Susan Williams

Campus: UC Davis / BML

Bodega Marine Laboratory
PO Box 247
Bodega Bay
CA 94923-0247


Year Citation Links Publication Type

Carpenter, R.C. and S.L. Williams. 2007. Mass transfer limitation of photosynthesis of coral reef algal turfs. Marine Biology 151:435-450.

Journal Article
Only Signature, Core, and Long-Term Timeseries datasets are listed here.
Category Project Activity Link Abstract Link
LTER Core Research Area Primary Production Plant growth in most ecosystems forms the base or "primary" component of the food web. The amount and type of plant growth in an ecosystem helps to determine the amount and kind of animals (or "secondary" productivity) that can survive there. more
LTER Core Research Area Populations A population is a group of organisms of the same species. Like canaries in the coalmine, changes in populations of organisms can be important indicators of environmental changes. more
MCR Core Activity Process-Oriented Field Studies A series of process-oriented field studies motivated by our initial focused questions have been initiated to explore gaps in our understanding of physical and biological processes and events that affect structure, function and dynamics of the reef ecosystem of Moorea; additional integration is achieved by focusing on common model systems.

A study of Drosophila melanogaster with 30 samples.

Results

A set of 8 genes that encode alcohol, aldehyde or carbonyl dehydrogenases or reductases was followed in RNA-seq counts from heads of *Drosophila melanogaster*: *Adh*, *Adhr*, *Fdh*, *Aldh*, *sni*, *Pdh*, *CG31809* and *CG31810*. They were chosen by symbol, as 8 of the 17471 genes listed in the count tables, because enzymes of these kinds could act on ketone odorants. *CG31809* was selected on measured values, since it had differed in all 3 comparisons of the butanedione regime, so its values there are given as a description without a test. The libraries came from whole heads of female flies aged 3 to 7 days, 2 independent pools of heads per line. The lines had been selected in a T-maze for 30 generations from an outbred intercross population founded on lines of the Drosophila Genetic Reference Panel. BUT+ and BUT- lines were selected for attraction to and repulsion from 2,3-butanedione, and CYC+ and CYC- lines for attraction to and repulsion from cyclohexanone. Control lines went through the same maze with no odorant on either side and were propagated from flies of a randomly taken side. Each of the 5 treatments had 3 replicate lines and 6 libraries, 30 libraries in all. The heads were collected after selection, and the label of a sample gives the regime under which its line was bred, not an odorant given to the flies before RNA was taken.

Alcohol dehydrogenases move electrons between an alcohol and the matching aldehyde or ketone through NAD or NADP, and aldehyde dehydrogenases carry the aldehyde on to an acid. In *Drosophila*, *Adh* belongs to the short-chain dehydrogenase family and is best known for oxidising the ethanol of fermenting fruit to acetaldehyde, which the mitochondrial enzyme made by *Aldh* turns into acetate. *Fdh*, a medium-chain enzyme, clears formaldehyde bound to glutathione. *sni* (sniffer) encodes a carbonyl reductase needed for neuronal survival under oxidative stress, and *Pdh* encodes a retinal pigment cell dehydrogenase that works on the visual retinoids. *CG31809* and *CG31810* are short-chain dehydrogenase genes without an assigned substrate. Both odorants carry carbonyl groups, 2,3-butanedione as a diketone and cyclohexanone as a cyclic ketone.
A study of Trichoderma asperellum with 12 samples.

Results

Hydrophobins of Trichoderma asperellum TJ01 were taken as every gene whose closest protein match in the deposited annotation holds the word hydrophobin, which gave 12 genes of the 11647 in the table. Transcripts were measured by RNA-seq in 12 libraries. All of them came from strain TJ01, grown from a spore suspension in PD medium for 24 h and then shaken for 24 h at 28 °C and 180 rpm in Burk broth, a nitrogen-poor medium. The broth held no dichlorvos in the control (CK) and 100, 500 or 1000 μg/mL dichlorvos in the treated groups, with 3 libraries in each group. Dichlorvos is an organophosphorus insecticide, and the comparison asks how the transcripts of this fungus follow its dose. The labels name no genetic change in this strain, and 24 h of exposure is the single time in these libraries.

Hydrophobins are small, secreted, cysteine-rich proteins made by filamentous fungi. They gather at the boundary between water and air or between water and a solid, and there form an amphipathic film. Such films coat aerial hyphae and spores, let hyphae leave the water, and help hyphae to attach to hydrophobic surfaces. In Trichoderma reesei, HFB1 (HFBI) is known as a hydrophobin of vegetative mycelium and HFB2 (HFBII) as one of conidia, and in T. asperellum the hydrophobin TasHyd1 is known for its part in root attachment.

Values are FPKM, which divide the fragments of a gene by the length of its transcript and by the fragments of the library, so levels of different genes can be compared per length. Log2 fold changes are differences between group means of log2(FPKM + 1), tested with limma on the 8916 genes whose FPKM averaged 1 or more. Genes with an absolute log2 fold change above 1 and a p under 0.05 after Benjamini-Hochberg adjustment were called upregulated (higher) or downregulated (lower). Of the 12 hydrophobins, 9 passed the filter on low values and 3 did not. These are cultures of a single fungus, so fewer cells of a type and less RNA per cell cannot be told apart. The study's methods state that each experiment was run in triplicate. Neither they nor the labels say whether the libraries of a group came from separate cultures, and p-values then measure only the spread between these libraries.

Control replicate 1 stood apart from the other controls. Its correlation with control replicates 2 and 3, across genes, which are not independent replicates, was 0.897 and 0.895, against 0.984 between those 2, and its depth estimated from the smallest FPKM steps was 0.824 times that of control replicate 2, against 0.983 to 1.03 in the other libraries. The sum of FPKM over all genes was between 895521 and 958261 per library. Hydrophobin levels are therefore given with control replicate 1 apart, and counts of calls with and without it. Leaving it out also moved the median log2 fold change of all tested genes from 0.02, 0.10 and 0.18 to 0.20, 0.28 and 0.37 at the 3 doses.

MCR Core Activity Time Series Program A comprehensive set of spatially explicit time series measurements was designed and implemented (during Year 1) to describe decadal trends in the reef ecosystem and forcing functions on a landscape scale.
Research Theme Reef Resistance and Resilience In general there are two contrasting attributes of an ecosystem with respect to external drivers: 1) resistance, the amount of external forcing a system can absorb without a qualitative change and 2) resilience, the tendency of a system to return to its previous state after a perturbation. Resilience in particular is a major MCR research focus because Moorea recently was subjected to a pulse disturbance, an outbreak of the crown-of-thorns seastar, that killed most living coral on the fore reef.
MCR-LTER Working Group Bio-Physical Coupling Many of the features defining coral reefs are products of the interaction of biological and physical processes acting over multiple spatio-temporal and functional scales. We are exploring the scale-dependence of physical processes around the island of Moorea, focusing initially on waves and water fluxes and temperature characteristics at several scales.
MCR-LTER Working Group Population and Community Dynamics Coral reefs have exceptionally high levels of biodiversity that generate complex webs of interacting species. Our ability to forecast population and community dynamics requires greater understanding of the manner by which individuals and species interact within coral reef ecosystems.